A trip this big has so many details, this section got big quickly. Use the menu bar above to look a little more closely at the pieces that fit together to describe my trip.
What my trip is going to be like, as predicted before my departure.
My trip started on April 26th, 2002, at Campo, California. I plan to finish the trail in late September or early October. I will meet up with friends along the way, maybe have a get-together at a major Sierra pass for all my Bay Area friends, catch some Shakespeare in Ashland, join a bunch of friends for a gathering at Breitenbush Hot Springs starting August 14th, and maybe go to the Wolf Creek gathering after that. Then, I'm off to Canada.
While on the trail, I don't plan on doing any slackpacking. Slackpacking involves someone with a car who is willing to carry your pack, or at least all the heavy stuff you won't need for the day, to a point further up the trail. So while slackpacking, you just have food, water and minimal survival gear. In Southern California, it's really easy to do: there are lots of roads, higher population (more opportunity), it's usually very hot, and hikers are just starting, so they are ready for a break.
I'm planning on eating really well. I bought as much organic food as I could. I'm eating almost no prepackaged backpacking food.
What my trip was really like: a summary a year later.
I had a great time. I started on April 26th, 2002, and finished on September 25th. I hiked with Yogi for about 1500 miles, and finished up with a great crew: Blackhawk & Strawberry Girl (not pictured), Flutterby, Cheddarhead, Cosue, Scooter, Don & Leslie, and Bug.
There were lots of other good people, both hikers and trail angels, along the way.
I had two 5 day chunks off the trail, one in Carson City, NV and South Lake Tahoe and the other in central Oregon. I took a bunch of true zero-mile days and probably more fake zero-mile days. Maybe I'll tally them up someday.
In the wake of the changes in the USPS after September 11th, we all learned that we had to ship our resupply boxes via Priority Mail. Parcel Post just wasn't reliable enough. I learned that lesson as I waited three days for my box in Big Bear, CA. I shopped and hiked on. The box eventually made it back to my Dad's. That was my only shipping mishap.
We had great weather. In southern California, it didn't get too hot. The days in the Sierra were sublime, even with the miles and miles of snow we crossed. Oregon and Washington were, for the most part, dry.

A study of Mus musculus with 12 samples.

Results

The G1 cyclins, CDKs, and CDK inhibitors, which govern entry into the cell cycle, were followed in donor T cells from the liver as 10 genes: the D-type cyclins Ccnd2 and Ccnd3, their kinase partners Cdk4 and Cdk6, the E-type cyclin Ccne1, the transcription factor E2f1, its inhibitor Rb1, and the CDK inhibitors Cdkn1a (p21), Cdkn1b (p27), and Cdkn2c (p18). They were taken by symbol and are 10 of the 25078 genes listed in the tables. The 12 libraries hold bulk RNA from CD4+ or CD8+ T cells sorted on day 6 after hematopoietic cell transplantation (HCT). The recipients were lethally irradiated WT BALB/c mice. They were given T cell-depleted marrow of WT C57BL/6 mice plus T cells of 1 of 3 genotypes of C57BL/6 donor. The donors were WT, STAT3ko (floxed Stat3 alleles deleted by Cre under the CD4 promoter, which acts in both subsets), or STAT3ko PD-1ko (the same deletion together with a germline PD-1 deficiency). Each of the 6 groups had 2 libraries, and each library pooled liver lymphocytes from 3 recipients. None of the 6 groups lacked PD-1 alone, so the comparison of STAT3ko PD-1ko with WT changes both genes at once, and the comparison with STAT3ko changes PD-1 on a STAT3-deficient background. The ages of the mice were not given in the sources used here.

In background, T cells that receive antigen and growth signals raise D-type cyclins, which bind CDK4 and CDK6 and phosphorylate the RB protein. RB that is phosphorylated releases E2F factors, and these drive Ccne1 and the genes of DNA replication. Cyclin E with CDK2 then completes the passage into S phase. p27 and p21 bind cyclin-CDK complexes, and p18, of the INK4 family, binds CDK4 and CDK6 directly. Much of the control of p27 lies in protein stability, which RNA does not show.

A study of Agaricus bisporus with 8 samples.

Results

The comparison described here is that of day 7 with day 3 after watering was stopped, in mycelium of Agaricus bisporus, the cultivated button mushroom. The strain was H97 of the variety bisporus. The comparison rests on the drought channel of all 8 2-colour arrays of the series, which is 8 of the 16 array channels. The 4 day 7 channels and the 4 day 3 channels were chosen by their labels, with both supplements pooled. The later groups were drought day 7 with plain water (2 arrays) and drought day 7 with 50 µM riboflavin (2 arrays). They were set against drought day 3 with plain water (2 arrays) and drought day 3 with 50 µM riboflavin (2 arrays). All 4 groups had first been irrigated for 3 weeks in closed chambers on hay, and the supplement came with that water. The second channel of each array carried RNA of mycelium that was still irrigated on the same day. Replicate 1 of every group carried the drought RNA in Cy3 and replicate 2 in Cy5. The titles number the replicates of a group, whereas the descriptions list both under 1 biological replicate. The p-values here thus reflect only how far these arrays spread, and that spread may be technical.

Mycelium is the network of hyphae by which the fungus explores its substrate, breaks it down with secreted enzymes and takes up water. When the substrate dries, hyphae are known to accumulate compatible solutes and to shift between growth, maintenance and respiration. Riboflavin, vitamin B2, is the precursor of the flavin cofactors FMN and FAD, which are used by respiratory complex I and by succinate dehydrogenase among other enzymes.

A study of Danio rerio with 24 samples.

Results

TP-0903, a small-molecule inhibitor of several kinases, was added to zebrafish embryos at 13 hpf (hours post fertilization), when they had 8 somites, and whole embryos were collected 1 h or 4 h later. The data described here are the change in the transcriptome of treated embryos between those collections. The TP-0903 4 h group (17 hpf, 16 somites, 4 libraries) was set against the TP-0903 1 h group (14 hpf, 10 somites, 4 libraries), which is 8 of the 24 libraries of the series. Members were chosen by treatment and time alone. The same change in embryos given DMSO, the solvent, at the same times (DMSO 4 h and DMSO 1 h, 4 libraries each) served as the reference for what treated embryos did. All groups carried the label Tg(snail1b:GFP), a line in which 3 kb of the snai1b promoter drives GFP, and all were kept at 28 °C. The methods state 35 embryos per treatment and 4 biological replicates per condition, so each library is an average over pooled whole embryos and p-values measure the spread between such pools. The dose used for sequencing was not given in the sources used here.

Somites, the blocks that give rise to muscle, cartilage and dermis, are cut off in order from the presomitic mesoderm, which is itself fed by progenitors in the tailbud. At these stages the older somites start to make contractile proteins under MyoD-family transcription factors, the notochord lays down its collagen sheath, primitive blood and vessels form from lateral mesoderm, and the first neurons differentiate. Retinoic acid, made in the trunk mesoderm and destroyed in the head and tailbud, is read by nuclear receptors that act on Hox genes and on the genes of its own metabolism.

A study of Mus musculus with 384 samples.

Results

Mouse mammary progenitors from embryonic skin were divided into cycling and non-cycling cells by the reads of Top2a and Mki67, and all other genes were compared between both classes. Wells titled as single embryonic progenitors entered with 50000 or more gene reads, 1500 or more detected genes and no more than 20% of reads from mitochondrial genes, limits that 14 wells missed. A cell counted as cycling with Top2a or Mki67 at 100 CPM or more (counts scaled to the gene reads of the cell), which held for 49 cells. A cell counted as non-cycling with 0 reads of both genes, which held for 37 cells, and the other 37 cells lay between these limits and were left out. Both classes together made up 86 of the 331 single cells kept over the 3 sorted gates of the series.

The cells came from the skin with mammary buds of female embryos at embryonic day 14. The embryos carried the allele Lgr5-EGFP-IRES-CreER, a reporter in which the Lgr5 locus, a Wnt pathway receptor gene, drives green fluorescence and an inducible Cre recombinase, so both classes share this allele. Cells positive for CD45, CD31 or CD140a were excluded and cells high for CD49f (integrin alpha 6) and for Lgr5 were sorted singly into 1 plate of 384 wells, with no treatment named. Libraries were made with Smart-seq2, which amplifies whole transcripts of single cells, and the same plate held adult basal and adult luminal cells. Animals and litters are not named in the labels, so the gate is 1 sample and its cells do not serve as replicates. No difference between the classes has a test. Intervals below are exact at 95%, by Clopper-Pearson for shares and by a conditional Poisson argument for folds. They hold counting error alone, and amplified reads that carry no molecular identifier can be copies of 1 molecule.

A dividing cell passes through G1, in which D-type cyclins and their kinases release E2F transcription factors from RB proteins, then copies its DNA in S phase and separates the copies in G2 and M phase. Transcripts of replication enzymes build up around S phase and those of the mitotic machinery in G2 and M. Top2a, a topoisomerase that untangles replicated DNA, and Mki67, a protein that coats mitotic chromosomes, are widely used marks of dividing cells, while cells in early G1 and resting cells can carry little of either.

I maintained this website by bouncing my laptop to major towns. I probably would not do it again. I began to dread my town stops where I had my laptop because while all my friends were relaxing, I was busy, busy, busy and not socializing as much as I would have liked.
Northern California was the hardest part for me. We hiked into smoke which made the views muted. I lost track of the mind set of 'just hiking to the next town or two' somewhere around the mid-point of the hike (1325 miles). I got into to thinking about having to do it all again, and how far Canada was. While I knew I could do it, it still messed with my head. Once we left the smoke and my head cleared, things began to look up. I also got to see Titus Andronicus in Ashland, just over the Oregon border.
While the Goat Rocks Wilderness is noted for its exceptional beauty, I didn't expect it to be so great. Photos can't do it justice. The Goat Rocks Wilderness must be experienced to be fully understood. And I was only thru-hiking, which limited my experience.
The most amazing moment on the trail was the morning I first spied Glacier Peak from my camp.The night before, I'd come down from the pass and into camp in the dark and rain. In the morning, I looked up to see freshly fallen snow on Glacier Peak, which was right above me.
The most frightening time was getting hypothermia at the highest point on the trail, well above 13,000'. It all turned out fine with Yogi's help. She claims I got her through the Sierra alive, when the truth is that she got me through alive.
I let the trail magic come. The times I wanted it, it was OK. When I least expected it, it was indeed magic. During the longest waterless stretch, which is on Hat Creek Rim in Northern California, just north of Lassen, Mary and Will, hiker Amigo's parents, found Yogi and I at their water cache and whisked us home for everything a thru-hiker longs for: home cooked meal, hot showers, and cotton sheets.
I never got the quantity of blackberries I was expecting: they are just not on the trail at the right time, but I did get black raspberries (my favorite), thimbleberries, gooseberries (yuck), and all the blue huckleberries and blueberries that I could eat.
I hope to hike the whole trail again, maybe soon. In the meantime, I have my eye on the CDT: The Continental Divide Trail.